Folks in the blogosphere are trying to pick winners and losers, but I am glad that the right to filibuster has been maintained. This right is more important than a few nominees. If the nuclear option had passed it would only have been a matter of time before the rules were changed for other matters under debate. Issues of national security, appropriations, etc. would have been subject to limited debate in the not-too-distant future.
We need to protect the rights of the minority -- currently the Democrats, but not so long ago the Republicans. It is important for partisan reasons, but also for small states versus large states, rural versus urban, and so on. For that reason, I am glad that the rules weren't changed in the middle of the game.
For those who insist on determining "winners" and "losers" consider these remarks:
First from Focus on the Family Action Chairman Dr. James C. Dobson, upon the announcement by members of the U.S. Senate that a compromise had been reached:
"This Senate agreement represents a complete bailout and betrayal by a cabal of Republicans and a great victory for united Democrats. Only three of President Bush's nominees will be given the courtesy of an up-or-down vote, and it's business as usual for all the rest. The rules that blocked conservative nominees remain in effect, and nothing of significance has changed. Justice Clarence Thomas, Justice Antonin Scalia, and Chief Justice William Rehnquist would never have served on the U. S. Supreme Court if this agreement had been in place during their confirmations. The unconstitutional filibuster survives in the arsenal of Senate liberals."On the other side my early pick for 2008, Senator Russ Feingold (Wis), released the following statement:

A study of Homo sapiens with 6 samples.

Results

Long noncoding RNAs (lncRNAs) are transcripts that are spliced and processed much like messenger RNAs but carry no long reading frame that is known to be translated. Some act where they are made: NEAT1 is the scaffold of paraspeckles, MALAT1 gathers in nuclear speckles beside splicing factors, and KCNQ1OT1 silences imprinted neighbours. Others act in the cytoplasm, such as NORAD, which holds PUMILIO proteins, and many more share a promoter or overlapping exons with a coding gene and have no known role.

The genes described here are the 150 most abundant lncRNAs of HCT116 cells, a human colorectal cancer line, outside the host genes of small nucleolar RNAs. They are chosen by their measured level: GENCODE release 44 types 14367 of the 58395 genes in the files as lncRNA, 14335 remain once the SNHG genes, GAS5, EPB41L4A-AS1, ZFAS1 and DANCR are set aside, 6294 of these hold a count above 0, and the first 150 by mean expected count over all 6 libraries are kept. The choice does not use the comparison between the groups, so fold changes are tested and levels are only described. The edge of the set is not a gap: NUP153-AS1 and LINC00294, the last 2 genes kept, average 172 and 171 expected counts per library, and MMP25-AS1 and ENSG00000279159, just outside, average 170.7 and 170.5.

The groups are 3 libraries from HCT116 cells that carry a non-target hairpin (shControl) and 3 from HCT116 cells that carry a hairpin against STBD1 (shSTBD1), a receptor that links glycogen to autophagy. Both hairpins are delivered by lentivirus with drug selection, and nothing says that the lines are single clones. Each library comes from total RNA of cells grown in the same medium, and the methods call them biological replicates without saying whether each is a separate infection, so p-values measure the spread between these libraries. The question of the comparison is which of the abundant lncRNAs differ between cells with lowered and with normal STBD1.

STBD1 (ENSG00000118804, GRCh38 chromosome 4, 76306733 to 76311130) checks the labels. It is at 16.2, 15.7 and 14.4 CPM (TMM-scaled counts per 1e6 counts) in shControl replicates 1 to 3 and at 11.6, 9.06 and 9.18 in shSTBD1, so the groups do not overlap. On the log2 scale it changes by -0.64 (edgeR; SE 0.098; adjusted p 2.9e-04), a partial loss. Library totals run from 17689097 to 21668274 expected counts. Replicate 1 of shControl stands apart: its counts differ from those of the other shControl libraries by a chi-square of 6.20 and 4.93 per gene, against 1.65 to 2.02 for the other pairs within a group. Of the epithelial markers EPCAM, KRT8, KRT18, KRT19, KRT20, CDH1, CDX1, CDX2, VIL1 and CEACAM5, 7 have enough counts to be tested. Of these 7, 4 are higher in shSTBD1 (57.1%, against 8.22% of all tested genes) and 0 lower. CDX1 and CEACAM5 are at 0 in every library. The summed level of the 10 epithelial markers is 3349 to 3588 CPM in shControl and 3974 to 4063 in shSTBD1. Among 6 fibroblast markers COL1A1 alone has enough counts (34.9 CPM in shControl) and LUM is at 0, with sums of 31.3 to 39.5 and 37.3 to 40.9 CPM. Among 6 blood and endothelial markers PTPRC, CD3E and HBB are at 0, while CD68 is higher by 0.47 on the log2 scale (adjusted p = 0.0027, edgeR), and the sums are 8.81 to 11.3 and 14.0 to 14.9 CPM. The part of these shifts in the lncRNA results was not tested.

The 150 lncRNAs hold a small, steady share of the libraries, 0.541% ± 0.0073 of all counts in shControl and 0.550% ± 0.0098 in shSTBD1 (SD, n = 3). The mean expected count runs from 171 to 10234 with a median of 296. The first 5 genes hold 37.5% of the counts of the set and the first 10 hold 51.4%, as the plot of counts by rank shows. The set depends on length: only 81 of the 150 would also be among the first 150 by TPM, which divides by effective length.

"This is not a good deal for the U.S. Senate or for the American people. Democrats should have stood together firmly against the bullying tactics of the Republican leadership abusing their power as they control both houses of Congress and the White House. Confirming unacceptable judicial nominations is simply a green light for the Bush administration to send more nominees who lack the judicial temperament or record to serve in these lifetime positions. I value the many traditions of the Senate, including the tradition of bipartisanship to forge consensus. I do not, however, value threatening to disregard an important Senate tradition, like occasional unlimited debate, when necessary. I respect all my colleagues very much who thought to end this playground squabble over judges, but I am disappointed in this deal."It will take some time to know whether this compromise affects future nominations for the courts and especially the Supreme Court, but for today the rights of the minority are still in place and that's a good thing.